Skift Take

Pictures are worth 1,000 words and there seems to be that many social travel apps and sites. Most of them feature photo boards and images, and Jetpac is one of the latest entries.

Source: Skift

Author: Dennis Schaal

Jetpac, the social travel iPad app, picked up $2.4 million in funding and introduced an Atlas feature, enabling you to peruse your Facebook friends’ photos taken everywhere from Abu Dhabi to Yunnan, China.

The dinero comes from Khosla Ventures, Morado Venture Partners, Jerry Yang (Yahoo co-founder) and an unidentified Facebook honcho, TechCrunch reports.

Social travel sites and apps are the trend du jour, of course, and until the inevitable shakeout occurs, there will seemingly be almost as many such sites and apps as Internet cafes.

The JetPac website describes itself thusly:

“Explore the world through your friends eyes. Save your favorites from your friends’ best travel photos. Build your BucketList of places to see before you die. Guranteed to give you wanderlust.”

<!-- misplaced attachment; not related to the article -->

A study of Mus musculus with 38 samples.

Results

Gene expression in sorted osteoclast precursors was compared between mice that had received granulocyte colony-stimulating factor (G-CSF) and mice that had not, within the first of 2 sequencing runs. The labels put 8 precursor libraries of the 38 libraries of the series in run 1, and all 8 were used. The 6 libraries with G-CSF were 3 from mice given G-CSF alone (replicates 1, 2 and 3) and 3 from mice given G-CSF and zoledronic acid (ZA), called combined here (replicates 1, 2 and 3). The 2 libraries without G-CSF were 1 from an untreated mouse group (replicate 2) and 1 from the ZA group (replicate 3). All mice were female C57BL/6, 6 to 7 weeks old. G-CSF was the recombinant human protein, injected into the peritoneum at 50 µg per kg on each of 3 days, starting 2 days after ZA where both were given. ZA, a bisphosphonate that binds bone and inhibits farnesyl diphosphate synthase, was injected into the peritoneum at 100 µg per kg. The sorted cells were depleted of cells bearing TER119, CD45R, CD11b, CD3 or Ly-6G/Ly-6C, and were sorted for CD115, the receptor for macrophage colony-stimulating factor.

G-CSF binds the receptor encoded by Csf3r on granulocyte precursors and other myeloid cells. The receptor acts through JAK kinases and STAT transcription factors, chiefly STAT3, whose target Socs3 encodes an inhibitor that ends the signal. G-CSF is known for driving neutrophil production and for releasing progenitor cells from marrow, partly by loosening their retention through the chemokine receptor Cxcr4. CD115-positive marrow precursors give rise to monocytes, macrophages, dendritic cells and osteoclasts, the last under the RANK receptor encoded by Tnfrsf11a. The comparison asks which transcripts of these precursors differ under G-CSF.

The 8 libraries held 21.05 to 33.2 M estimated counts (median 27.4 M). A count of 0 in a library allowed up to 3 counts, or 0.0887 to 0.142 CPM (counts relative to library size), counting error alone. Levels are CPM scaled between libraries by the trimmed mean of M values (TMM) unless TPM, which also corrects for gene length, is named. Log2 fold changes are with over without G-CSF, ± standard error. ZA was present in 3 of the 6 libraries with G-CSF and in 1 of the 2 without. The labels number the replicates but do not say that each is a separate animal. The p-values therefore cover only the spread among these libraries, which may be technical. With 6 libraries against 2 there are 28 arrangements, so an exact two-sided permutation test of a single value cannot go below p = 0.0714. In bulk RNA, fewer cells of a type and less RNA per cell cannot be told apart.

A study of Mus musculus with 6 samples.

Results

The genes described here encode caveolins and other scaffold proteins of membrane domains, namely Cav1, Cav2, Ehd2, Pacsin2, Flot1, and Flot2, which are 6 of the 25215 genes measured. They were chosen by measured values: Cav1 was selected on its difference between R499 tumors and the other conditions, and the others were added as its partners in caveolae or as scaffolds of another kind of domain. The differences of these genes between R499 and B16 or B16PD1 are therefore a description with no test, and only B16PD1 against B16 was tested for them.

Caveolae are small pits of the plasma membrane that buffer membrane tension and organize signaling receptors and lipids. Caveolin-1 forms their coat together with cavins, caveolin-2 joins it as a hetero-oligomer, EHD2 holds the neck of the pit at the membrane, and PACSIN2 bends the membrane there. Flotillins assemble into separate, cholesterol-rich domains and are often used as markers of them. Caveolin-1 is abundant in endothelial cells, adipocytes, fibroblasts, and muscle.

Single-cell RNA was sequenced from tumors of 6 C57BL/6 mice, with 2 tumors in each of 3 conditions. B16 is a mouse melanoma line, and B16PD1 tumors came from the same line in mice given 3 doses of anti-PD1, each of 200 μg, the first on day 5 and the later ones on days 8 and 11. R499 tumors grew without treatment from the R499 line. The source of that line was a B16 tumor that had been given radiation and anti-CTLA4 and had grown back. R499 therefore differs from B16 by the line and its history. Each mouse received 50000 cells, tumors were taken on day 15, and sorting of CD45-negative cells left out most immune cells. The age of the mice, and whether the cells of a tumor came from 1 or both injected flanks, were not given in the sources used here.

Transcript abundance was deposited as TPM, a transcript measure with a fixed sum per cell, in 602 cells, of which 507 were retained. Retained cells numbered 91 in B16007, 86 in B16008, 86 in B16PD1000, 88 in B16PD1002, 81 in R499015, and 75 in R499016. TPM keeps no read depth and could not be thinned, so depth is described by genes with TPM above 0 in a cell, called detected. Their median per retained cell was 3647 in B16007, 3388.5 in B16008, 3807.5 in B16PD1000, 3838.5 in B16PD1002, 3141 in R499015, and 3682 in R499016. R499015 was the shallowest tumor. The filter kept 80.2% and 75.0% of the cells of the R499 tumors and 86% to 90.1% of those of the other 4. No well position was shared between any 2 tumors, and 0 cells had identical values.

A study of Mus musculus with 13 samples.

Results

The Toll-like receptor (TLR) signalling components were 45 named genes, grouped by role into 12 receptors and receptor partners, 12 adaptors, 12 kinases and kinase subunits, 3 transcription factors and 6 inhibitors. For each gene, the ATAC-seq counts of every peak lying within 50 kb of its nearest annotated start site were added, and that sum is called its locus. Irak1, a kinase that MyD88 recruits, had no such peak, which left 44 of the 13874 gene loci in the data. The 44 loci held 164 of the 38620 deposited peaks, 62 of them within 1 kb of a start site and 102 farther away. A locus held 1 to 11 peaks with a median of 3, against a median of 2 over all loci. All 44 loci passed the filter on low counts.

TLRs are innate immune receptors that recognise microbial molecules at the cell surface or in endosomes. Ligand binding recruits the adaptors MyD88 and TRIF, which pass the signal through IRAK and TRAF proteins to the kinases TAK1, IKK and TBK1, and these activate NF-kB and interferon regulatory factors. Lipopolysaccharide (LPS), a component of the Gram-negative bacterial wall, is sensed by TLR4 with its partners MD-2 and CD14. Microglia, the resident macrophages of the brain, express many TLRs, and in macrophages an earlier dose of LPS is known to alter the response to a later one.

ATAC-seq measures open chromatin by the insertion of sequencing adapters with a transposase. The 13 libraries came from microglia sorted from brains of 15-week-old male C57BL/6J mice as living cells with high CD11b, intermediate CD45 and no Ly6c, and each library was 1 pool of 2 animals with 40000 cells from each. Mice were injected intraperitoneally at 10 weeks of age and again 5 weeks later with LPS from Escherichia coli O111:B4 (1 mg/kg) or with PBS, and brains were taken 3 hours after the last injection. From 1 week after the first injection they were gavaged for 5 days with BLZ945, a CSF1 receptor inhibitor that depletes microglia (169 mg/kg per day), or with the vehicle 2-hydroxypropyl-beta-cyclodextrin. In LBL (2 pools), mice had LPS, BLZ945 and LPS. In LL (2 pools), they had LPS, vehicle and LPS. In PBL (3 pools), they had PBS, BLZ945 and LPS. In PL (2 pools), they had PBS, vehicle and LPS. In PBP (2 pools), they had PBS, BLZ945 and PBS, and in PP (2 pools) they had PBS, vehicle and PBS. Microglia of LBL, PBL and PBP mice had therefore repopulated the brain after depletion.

Social photo-sharing?

But, for now at least, Jetpac is more of a photo-sharing app than a social travel one.

You sign on through Facebook and then Jetpac pulls in a ton — really, a lot — of your friends’ Facebook photos, whether they are directly travel-related or not.

Most do seem to have been taken in one destination or another — wouldn’t they have to be taken somewhere — even if they were shot locally.

You can view the pics by your friends’ names, and then indicate Love, I’ve Been or Want to Go, or you can view them in the new Atlas feature by destination.

I can view my Facebook friend Alex Kremer’s photos of Moscow, Christie McConnell’s Sydney, Australia, pics, or a snapshot another friend took of an alcoholic beverage in a high-heel shoe because it happened to be taken in The Bahamas.

Poland Spring or Poland?

If you are my Facebook friend, you can also view a photo I took at home of two large Poland Spring bottles.

It’s not particularly artsy, either.

The volume of photos in Jetpac is enormous, and supposedly they are curated for quality.

TechCrunch reports that Jetpac, through high-tech and manual intervention, only selects about 10% of Facebook photos.

Still, that’s a big number and it seems somewhat voyeuristic.

Yes, you can view your friends’ photos on Facebook, as well, but did we really intend to give Jetpac permission to disseminate our intimate family photos through its app?

I mean, literally, photos of Bar Mitzvahs, family portraits and bike rides.

Jetpac may one day turn into a social travel app, but for now it is more like a photo free-for-all.